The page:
The Washington Post has "Supreme Court to begin new term short-handed as its ideological balance hinges on fall vote."
NPR begins its discussion of the new Supreme Court term with "It's been nearly eight months since Supreme Court Justice Antonin Scalia died unexpectedly, leaving the nation's highest court short-handed...."
The McClatchy headline is "What’s a shorthanded Supreme Court likely to do in its new term? Maybe nothing." (Nothing is better than all those things that are worse than nothing.) UPI: "Supreme Court begins term Monday shorthanded, future hinging on presidential election."
"Short-handed" implies that there is an amount of work to be distributed to members of a team, and that each person will have more work to do if there are fewer members of the team. But does the Supreme Court work like that? Each case is decided by a vote of the group. An odd number of Justices is more likely to produce a clear precedent. It's not certain, because the odd number can become even if someone recuses himself or herself. And the majorities often get together to decide the case on some minimalist, technical, or fuzzily stated ground. But the Supreme Court gets its work done whether the team consists of 9 or 8 or 7 or 6. The original number of Supreme Court Justices was 6 — an even number. And when Franklin Roosevelt offered to raise the number as high as 15, the extra help with the work was seen as an attack on the Court.
Yes, an individual Justice has the task of drafting the opinion (with the help of 4 law clerks), but the opinions have gotten longer and longer over the years, to the point where few people can tolerate reading much of the text. There's no sign that more hands are needed in the work of the Court.
There's just an open slot, and it has become a central issue in the presidential campaign. Those who want the balance on the Court to tip liberal would have liked for President Obama to have had the appointment, but the constitutional check that is Senate confirmation presented an obstacle, and the people couldn't be roused to put enough pressure on the Senate to move Obama's nomination forward. It will have to be the election that will determine which way the Court will tip. That is indeed harrowing, but not because the Court must slog on "short-handed."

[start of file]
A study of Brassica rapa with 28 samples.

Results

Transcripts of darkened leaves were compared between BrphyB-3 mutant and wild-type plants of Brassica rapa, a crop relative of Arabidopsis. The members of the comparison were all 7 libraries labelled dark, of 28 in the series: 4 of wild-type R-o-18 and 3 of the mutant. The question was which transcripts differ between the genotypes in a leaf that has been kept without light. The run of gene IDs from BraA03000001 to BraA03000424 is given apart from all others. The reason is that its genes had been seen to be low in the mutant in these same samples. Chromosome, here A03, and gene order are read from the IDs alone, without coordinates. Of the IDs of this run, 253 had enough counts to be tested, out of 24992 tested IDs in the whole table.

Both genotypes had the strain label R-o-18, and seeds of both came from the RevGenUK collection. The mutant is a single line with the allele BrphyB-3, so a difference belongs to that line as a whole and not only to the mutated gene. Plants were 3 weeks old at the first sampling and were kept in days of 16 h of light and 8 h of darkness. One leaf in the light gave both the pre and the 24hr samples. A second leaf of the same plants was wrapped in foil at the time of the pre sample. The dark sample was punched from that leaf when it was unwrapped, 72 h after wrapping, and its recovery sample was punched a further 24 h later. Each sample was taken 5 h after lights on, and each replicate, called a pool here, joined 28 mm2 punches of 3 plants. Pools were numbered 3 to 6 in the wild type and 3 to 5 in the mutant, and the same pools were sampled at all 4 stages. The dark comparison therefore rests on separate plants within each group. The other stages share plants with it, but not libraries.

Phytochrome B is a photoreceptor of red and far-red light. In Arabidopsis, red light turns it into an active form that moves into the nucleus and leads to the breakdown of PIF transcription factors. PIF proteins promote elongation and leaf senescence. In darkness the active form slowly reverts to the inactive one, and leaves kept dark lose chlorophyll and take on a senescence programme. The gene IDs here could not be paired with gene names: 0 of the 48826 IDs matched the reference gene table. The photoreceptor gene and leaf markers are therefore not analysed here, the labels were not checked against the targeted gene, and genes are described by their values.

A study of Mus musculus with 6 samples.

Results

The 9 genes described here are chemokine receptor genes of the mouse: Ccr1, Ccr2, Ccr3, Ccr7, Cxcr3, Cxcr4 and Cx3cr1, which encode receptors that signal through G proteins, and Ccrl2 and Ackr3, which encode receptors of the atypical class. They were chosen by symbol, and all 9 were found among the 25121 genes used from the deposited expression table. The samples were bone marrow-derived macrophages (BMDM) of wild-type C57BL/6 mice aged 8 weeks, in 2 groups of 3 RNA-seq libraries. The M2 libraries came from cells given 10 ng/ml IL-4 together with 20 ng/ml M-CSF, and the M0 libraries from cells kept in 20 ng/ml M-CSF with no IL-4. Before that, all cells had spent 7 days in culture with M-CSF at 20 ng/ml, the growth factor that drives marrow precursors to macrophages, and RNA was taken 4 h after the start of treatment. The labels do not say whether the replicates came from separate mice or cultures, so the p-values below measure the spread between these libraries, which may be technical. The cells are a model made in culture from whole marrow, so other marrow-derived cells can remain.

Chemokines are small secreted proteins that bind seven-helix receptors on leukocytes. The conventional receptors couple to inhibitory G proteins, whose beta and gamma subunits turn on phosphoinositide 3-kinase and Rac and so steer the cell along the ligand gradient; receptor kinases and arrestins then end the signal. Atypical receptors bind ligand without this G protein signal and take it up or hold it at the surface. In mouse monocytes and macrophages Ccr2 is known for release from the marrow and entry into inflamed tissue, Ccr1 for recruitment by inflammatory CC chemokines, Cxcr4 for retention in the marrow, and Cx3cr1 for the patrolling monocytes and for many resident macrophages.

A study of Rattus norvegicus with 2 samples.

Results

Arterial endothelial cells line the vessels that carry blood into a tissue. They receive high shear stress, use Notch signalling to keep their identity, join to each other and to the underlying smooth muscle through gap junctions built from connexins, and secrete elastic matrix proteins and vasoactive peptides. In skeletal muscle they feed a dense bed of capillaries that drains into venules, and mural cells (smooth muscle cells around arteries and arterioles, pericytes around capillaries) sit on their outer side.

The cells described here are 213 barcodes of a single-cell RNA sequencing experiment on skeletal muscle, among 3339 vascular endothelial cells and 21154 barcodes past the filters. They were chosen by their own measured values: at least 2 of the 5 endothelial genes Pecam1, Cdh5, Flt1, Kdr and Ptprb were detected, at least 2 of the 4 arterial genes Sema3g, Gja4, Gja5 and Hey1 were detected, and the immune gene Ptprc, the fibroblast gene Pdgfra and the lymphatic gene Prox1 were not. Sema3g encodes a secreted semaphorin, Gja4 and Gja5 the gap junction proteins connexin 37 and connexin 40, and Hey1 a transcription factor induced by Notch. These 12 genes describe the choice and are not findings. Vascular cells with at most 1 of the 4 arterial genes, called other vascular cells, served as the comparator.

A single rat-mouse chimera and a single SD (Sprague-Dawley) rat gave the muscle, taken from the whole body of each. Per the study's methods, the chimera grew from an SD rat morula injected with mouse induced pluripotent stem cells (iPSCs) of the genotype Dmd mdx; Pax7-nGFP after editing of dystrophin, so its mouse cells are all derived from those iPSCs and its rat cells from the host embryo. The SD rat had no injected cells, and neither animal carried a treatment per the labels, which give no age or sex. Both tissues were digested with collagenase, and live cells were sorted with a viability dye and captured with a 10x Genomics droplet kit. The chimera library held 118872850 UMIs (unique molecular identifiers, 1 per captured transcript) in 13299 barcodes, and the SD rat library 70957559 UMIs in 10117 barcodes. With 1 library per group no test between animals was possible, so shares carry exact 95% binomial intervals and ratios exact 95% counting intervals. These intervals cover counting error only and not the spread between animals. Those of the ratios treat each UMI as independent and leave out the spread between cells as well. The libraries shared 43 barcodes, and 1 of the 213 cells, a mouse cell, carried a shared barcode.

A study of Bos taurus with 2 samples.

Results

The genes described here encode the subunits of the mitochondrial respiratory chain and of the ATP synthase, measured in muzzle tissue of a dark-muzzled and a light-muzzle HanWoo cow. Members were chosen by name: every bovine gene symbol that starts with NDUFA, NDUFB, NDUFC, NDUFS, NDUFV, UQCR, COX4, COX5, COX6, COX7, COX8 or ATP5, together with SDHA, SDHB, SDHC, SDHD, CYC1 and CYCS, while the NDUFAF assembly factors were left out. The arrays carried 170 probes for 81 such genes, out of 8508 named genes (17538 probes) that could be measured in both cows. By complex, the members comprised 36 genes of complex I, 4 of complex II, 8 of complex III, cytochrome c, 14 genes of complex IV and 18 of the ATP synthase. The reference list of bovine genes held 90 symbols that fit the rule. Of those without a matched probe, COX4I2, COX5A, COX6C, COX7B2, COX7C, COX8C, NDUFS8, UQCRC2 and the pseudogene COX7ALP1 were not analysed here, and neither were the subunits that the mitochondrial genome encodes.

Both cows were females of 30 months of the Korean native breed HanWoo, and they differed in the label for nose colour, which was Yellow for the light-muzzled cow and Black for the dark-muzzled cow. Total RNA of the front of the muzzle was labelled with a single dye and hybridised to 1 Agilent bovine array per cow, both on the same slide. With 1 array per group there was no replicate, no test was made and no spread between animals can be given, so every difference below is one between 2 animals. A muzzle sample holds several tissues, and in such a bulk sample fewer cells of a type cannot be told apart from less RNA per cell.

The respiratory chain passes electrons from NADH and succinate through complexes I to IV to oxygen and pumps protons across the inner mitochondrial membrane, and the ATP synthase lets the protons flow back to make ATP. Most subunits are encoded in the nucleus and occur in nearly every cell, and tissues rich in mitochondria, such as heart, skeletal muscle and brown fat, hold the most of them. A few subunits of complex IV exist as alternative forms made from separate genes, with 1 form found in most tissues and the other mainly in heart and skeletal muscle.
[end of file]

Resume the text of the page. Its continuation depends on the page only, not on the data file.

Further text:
The NYT avoided the buzzword of the day. It chose a more dramatic word — "crippled": "A Crippled Supreme Court’s New Term." The text supports that drama. The editorial begins:
This is American politics in 2016: the normalization of the deeply abnormal, the collapse of customs of behavior and respect, and the creation of an environment so toxic and polarized that the nation’s leaders struggle to carry out the most basic tasks of government.We're told that the failure to let Obama replace Scalia is "entirely contrary to the workings of a constitutional government, and it is inflicting damage on the court and the country." But what damage?
Meanwhile, the eight justices have split evenly in several major cases, which puts off any final judgment on lawsuits that affect millions of Americans.The cases are still decided and the lawsuits come to an end. A split merely leaves the result in the court below where it was. By "final judgment" — which normally refers to the conclusion of the dispute between the parties to one lawsuit — the NYT seems to mean that we don't get a usable statement of the law to be applied in other cases.
The inability to issue precedent-setting rulings appears to have led the justices to grant review on fewer new cases than usual....If the problem is a dearth of precedent-setting rulings, that explains why people have accepted waiting for the results of the election. Let us decide which way we want those precedents to go. Plenty of people would rather let President Obama nail it down: Go liberal! But the "workings of a constitutional government" — the Senate's confirmation power — have blocked that easy path to a liberal majority.
Despite the dramatic posturing of the New York Times, the nation has absorbed the question of which way the Court should go into our presidential election. There's nothing "deeply abnormal" or even shallowly abnormal about that. The people will decide.